Complex Post Traumatic Stress Disorder (cPTSD)- Impact of Childhood Trauma | Assessment and Management Principles

Posted on:April 8, 2021
Last Updated: April 9, 2021
Time to read: 12–15 minutes

Acts of commission and omission towards a child are a considerable social and public health problem with a prevalence of approximately 20%. [Van Horne et al. 2018]

The incidence of adverse childhood experiences (ACEs) is higher in females [Moore et al. 2015] and refugee or ethnic minority subgroups. [Kirmayer et al. 2007]

A systematic review of Australian research estimates prevalence rates of childhood sexual abuse are approximately 8.6%, physical abuse 8.9%, emotional abuse 8.7% and childhood neglect 2.4%. [Su and Stone 2020]

Beyond the acute medical consequences such as traumatic brain injury, ACEs can result in the long-term development of risky behaviours, chronic diseases, and poor life potential. [Su and Stone 2020]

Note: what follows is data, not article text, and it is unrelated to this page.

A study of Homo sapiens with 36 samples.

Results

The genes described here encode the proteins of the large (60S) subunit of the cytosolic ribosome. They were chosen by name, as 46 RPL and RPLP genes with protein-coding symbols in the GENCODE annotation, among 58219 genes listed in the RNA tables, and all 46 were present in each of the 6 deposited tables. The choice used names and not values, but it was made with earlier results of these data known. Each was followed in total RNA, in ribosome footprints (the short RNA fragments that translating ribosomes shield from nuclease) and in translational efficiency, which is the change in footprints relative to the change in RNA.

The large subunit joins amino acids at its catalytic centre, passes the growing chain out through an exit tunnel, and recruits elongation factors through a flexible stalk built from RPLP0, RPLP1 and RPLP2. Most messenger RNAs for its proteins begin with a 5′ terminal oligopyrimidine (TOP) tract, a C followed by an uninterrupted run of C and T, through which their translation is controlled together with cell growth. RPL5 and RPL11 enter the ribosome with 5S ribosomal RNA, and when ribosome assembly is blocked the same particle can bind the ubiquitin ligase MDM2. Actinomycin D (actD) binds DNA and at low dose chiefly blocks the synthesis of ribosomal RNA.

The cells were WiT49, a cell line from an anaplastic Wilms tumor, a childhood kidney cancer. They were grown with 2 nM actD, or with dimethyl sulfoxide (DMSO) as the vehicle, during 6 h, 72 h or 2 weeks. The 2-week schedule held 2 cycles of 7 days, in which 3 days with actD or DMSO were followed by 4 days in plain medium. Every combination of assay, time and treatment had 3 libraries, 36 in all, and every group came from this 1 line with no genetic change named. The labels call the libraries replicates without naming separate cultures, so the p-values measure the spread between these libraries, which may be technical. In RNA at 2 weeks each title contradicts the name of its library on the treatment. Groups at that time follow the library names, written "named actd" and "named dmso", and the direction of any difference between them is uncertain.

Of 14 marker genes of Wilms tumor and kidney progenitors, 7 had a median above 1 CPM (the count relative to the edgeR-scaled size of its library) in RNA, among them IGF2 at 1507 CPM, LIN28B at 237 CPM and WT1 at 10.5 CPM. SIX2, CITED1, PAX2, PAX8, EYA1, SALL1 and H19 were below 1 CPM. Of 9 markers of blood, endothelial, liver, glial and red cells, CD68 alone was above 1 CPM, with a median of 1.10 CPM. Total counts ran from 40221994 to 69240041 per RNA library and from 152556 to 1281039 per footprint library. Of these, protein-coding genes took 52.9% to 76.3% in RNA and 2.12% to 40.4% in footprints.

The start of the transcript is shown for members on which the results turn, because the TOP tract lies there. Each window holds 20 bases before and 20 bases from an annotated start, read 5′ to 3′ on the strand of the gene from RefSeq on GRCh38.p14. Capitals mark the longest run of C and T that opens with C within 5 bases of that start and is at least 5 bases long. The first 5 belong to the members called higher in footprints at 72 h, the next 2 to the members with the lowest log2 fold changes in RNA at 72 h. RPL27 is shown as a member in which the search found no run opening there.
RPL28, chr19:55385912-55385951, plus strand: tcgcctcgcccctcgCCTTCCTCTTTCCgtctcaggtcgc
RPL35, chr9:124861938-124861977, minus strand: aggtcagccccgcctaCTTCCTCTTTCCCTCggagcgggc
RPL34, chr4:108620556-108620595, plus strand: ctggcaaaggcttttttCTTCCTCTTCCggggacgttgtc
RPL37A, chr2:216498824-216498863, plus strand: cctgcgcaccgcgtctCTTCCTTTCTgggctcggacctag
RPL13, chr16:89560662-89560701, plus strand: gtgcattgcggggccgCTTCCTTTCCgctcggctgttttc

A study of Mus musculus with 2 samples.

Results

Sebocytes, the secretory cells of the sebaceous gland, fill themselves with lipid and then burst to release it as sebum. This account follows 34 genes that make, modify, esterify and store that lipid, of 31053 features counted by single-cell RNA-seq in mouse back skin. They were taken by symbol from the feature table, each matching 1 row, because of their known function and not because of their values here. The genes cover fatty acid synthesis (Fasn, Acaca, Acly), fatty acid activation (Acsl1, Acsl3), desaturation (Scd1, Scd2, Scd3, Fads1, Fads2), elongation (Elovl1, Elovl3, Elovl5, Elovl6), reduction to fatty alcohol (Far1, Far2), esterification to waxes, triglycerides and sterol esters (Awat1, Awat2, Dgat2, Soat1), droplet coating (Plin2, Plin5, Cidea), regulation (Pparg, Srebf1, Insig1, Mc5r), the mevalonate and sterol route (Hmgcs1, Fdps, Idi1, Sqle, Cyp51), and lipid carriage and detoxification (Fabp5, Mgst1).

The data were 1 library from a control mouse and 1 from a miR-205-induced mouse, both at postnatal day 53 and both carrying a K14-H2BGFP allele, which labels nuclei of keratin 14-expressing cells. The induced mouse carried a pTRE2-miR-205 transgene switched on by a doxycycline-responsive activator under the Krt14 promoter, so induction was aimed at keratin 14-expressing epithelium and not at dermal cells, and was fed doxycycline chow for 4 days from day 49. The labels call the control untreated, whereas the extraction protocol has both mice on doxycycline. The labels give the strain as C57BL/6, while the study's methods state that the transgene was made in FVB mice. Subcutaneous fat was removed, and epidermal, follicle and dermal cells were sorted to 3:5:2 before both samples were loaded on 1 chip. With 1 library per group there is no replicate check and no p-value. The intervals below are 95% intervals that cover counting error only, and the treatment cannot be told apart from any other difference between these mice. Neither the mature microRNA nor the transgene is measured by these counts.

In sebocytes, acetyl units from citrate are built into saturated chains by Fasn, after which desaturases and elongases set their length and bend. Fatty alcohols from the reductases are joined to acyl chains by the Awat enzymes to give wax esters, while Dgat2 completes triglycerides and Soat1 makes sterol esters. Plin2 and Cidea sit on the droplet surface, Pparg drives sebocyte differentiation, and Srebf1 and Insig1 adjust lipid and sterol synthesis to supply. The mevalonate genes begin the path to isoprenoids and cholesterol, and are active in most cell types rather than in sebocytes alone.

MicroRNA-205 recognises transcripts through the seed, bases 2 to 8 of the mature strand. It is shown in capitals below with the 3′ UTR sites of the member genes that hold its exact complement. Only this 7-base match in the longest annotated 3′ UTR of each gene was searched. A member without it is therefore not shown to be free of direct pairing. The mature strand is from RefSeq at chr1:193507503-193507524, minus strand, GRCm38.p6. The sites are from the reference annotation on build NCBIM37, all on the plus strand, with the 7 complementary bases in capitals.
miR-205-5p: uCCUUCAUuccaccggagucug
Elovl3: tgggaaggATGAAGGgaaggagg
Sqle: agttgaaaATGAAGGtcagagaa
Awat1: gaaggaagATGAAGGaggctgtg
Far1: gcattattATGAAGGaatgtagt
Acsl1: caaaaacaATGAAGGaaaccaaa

• Behavioural issues – Risky health behaviours, high-risk sexual behaviour, and substance abuse
  • Academic problems – Conduct disorder, childhood aggression, delinquency, and youth violence
  • Chronic diseases – Anxiety, depression, post-traumatic stress disorder, and metabolic diseases

Adult patients with a history of trauma have clinically complex presentations. This has resulted in the recent development of a new diagnostic category in the International Classification of Diseases, 11th revision. [Karatzias et al. 2017]

It is called complex post-traumatic stress disorder (cPTSD) and was endorsed by the WHO in May 2019 and is planned to come into effect in January 2022.